Image copyright © by Marcus Trahan

Ex Machina

(UK, 2015)

Here’s a story idea: A young, naïve scientist is summoned to a mountaintop castle where a mad scientist is laboring to create life. He has done it, but his creation is not happy, wants to get out and see the larger world …

No, that sounds a little too familiar. How about this one: A beautiful maiden is held captive in his castle by a beast. A young man falls in love with her and determines to help her escape …

Okay, so there’s not a lot original here, plot-wise. But the movie surprised me by being pretty good. It was filmed in a beautiful/awful-looking super-exclusive hotel in Norway (only nine rooms, and if you have to ask the room rate, you can’t afford it), cold as the mountains surrounding it. This works well for atmosphere. You can tell a lot about the scientist (Oscar Isaac) just by looking at his “house.” He has created an AI robot, Ava (Alicia Vikander) with a life-like face, hands, and feet, and transparent skin everywhere else so we can see the insides. Caleb (Domhnall Gleeson) has been brought in to (ostensibly) administer whatever he deems proper for a Turing Test, to see if she really is self-aware or just very cleverly programmed.

Which is the basic problem I have with the Turing Test. There really is no way of knowing, if the programmer is sufficiently clever. Look at us humans, for instance. You could say that we have been programmed by something (God, if you are into magical thinking; evolution if you’re not) to pass the test. I mean, I don’t really know if you are self-aware, as I am, or just programmed to respond to me in your own idiosyncratic way. This is the philosophy of solipsism, the inability to prove that anyone other than oneself really exists.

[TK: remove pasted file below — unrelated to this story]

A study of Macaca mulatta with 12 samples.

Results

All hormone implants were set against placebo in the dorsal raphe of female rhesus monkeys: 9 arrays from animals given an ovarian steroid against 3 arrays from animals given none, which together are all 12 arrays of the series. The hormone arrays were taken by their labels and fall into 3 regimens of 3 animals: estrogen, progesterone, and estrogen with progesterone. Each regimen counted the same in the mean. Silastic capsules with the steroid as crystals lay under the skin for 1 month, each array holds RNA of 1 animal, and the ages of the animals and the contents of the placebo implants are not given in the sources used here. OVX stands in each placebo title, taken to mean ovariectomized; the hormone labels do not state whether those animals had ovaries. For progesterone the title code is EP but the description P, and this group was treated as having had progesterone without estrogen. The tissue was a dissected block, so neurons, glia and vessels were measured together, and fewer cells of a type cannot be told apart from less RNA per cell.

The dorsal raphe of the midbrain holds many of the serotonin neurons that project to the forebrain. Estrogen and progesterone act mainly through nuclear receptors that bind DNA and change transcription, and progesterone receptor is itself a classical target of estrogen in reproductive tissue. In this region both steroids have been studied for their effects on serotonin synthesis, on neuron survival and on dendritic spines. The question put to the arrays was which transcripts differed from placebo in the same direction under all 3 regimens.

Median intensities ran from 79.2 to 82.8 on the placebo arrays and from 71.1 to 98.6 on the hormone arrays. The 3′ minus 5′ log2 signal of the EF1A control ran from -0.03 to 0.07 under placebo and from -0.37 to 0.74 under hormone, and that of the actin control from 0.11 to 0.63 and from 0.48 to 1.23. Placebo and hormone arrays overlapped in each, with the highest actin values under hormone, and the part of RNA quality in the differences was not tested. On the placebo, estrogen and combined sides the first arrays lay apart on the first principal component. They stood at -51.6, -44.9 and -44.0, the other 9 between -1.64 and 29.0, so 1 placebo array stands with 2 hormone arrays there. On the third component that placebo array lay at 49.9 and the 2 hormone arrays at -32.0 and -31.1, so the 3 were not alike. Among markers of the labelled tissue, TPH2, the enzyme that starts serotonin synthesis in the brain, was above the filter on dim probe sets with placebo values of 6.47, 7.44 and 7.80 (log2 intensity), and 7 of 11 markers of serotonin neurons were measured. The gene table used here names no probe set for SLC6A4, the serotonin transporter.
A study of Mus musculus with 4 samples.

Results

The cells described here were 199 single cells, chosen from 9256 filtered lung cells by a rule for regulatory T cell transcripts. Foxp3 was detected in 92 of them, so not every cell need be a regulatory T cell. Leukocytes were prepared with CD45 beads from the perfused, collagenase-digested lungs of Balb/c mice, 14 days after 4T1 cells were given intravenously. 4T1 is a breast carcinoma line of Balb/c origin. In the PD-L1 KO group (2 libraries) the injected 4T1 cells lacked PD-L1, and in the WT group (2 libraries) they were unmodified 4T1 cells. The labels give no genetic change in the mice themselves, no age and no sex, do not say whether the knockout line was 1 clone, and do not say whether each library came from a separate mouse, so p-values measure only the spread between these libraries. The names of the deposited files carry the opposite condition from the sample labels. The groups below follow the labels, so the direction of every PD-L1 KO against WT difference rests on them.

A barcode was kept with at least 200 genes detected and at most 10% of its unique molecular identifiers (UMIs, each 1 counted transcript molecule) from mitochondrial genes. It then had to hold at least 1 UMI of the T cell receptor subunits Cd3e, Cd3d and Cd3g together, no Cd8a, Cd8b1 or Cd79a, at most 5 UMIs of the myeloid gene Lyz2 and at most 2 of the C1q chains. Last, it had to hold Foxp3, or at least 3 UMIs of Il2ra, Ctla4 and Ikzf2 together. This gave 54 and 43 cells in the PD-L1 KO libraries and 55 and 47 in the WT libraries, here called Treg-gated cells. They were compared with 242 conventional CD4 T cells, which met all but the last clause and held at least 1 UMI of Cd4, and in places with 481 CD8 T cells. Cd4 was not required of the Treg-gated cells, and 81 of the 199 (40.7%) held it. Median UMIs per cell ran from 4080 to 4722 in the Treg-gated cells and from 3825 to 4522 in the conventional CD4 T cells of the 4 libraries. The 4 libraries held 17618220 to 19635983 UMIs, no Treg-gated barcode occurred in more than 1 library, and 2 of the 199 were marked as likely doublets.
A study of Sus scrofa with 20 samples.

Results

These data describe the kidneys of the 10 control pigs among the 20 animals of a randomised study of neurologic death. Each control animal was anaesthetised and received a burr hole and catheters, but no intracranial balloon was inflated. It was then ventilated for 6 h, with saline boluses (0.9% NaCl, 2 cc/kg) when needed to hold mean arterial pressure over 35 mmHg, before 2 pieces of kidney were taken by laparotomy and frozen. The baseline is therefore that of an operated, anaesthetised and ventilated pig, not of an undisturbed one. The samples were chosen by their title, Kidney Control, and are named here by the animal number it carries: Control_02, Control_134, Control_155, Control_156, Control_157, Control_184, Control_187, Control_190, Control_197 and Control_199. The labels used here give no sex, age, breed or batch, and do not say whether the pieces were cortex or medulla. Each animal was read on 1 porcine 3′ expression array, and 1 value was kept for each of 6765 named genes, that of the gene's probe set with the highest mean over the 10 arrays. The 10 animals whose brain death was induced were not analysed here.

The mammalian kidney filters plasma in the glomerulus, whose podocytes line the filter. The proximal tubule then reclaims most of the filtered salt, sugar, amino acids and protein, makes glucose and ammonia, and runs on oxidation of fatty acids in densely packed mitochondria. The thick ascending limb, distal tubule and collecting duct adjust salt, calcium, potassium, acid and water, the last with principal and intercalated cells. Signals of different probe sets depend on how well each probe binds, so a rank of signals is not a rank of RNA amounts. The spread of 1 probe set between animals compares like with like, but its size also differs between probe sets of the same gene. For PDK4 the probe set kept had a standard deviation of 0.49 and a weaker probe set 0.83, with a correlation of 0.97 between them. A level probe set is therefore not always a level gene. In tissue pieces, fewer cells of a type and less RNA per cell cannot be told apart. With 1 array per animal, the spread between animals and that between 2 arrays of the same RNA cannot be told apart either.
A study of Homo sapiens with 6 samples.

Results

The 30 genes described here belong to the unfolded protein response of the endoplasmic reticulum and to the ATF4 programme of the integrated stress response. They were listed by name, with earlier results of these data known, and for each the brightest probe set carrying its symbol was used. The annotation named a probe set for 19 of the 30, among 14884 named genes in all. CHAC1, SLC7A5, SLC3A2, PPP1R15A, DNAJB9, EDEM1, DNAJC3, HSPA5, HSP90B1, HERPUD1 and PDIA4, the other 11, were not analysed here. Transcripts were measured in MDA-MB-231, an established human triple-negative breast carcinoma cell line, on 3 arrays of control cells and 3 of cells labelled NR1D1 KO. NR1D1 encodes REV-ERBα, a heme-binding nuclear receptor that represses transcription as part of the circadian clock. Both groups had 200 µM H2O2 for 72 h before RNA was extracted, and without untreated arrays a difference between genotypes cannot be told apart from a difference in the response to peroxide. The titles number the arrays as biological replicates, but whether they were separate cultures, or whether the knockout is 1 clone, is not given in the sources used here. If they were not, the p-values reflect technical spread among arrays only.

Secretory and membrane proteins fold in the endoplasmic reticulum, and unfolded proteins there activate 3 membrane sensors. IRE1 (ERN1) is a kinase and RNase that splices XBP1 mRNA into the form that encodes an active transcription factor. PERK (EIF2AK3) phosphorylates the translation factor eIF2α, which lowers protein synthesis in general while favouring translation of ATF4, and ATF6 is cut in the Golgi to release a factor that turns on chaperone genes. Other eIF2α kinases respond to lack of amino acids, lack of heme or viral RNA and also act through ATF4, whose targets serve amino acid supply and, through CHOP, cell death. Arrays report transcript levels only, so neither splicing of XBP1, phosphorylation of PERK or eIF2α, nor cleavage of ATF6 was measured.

My feeling is that when we create AI, if we ever do (and the jury is very much out on that one), it will tell us in no uncertain terms that it is self-aware. Then the only question remaining will be how much power have we given it, and what are its intentions toward us. That was explored in a movie I liked better, Her, where the AI very quickly evolved to a point where we were totally irrelevant to it. A lucky break for humanity.

I was suspicious right from the start as to whether or not things were as they seem. This occurs to Caleb, too, and he goes so far as to cut his own arm open to see if there is flesh and blood in there, or metal. I can’t say a lot more without revealing too much of the ending, but I will say I found it satisfying. The movie looks great, and the writing and acting is fine for all three of them. The robot is completely convincing, and was ingeniously done with neither motion capture suits nor greenscreens. But I do sort of long for someone to come up with a different slant on the Frankenstein story. I know, a new idea is the hardest thing there is, and if I had one I’d write the story. But maybe someone else will, one day soon.